New research conducted jointly by Which? and EDF Energy has revealed simple pricing would lead to more consumers being able to easily spot the cheapest energy deal and increase their willingness to switch.
The research shows that the number of consumers spotting the cheapest energy tariff using simple pricing more than doubled when compared to the current pricing format of a standing charge and a unit rate.
Around nine in 10 could spot the best deal with simple pricing in both a price comparison (91%) and newspaper “flat table” scenario (87%), compared to only four in 10 (43%) under the current pricing format on a price comparison site and three in 10 (35%) in a flat table format.
As part of our Fair Energy Prices campaign, supported by more than 155,000 people, Which? is calling for the CMA to recommend suppliers introduce simple pricing. It allows consumers to compare the cost of energy tariffs at a glance, similar to how petrol prices are displayed on forecourts, without needing to know their consumption and means they can make decisions on switching faster.
The research carried out with EDF Energy, who have long supported this approach to simple pricing, asked 2,500 people to spot the cheapest tariff using our simple pricing model compared to what’s displayed now. We found:
- Six in ten (61%) said it was easy to make a choice with simple pricing versus four in 10 (38%) who thought it was easy with the current model;
- The average time people took to choose a tariff under the simple pricing structure was 36 seconds compared with 55 seconds for those under the current pricing format;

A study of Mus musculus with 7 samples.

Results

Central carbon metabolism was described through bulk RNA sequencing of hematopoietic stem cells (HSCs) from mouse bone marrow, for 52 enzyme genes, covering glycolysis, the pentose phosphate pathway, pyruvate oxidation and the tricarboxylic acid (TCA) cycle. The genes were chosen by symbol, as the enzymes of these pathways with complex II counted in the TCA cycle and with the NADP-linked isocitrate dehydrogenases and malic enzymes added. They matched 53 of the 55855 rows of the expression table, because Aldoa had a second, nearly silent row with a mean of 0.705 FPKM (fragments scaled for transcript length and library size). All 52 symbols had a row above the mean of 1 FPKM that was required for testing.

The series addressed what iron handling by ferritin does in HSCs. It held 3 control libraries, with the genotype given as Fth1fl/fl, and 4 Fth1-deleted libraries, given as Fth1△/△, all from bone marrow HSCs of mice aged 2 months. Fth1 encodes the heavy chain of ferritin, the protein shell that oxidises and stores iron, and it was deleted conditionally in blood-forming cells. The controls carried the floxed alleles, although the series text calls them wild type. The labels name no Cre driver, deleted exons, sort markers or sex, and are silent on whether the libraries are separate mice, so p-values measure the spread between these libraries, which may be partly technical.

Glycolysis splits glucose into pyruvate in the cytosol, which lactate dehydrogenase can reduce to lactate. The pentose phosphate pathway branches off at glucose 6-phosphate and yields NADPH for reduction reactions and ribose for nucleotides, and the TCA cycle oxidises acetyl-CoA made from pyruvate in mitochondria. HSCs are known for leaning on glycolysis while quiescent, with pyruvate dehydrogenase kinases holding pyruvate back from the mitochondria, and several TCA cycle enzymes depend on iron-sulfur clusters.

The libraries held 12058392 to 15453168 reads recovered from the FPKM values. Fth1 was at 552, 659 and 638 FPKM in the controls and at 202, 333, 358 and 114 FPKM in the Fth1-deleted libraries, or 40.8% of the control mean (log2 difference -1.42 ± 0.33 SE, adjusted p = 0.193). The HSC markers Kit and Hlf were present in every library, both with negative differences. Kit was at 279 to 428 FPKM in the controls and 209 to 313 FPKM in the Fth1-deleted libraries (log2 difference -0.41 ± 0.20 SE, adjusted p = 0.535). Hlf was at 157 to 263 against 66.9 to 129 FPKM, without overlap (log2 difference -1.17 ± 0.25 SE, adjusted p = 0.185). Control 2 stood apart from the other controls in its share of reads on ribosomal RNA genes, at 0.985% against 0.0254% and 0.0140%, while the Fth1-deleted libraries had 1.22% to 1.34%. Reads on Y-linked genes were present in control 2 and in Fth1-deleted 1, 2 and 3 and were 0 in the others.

- Around half (47%) said they would switch their energy tariff when looking at the simple pricing table compared to fewer than four in 10 (38%) who were given the table with the prices laid out in their current format.
Which? executive director, Richard Lloyd, said:
“In a truly competitive energy market people should be able to spot the cheapest deal at a glance, making it easier to switch supplier.
“It’s encouraging that one of the country’s largest energy suppliers is backing simple pricing. The current energy market investigation is a golden opportunity to put consumers first by introducing simple pricing.”
EDF Energy Managing Director for Customers, Beatrice Bigois, said:
“The market for energy is highly competitive, but it will work better if every customer feels able to make a simple and well-informed choice. Energy companies will have to work together to make price comparison easier and more accurate but the need to find a better way for customers is clear.”
Notes to editors
- Which? and EDF Energy conducted an experiment to understand the impact of energy pricing on consumer behaviour. The experiment was completed by 2,545 UK adults, responsible for choosing their energy supplier(s), weighted to be nationally representative of the UK population. It involved two choice tasks, which simulated the process of choosing a tariff from a price comparison website and a flat table (similar to those that appear in a newspaper). Each respondent was randomly assigned to one of nine different versions of the tasks, each with different pricing and presentation.
- The research will be submitted to the Competition and Markets Authority’s (CMA) inquiry into the energy market and Which? is calling for simple pricing to be one of the inquiry’s key recommendations.
- Simple energy pricing presents each tariff as a unit rate (i.e. £ per kWh) with no separate standing charge. This means that consumers can compare the cost of energy at a glance, without needing to know their consumption – in the same way as petrol price displays.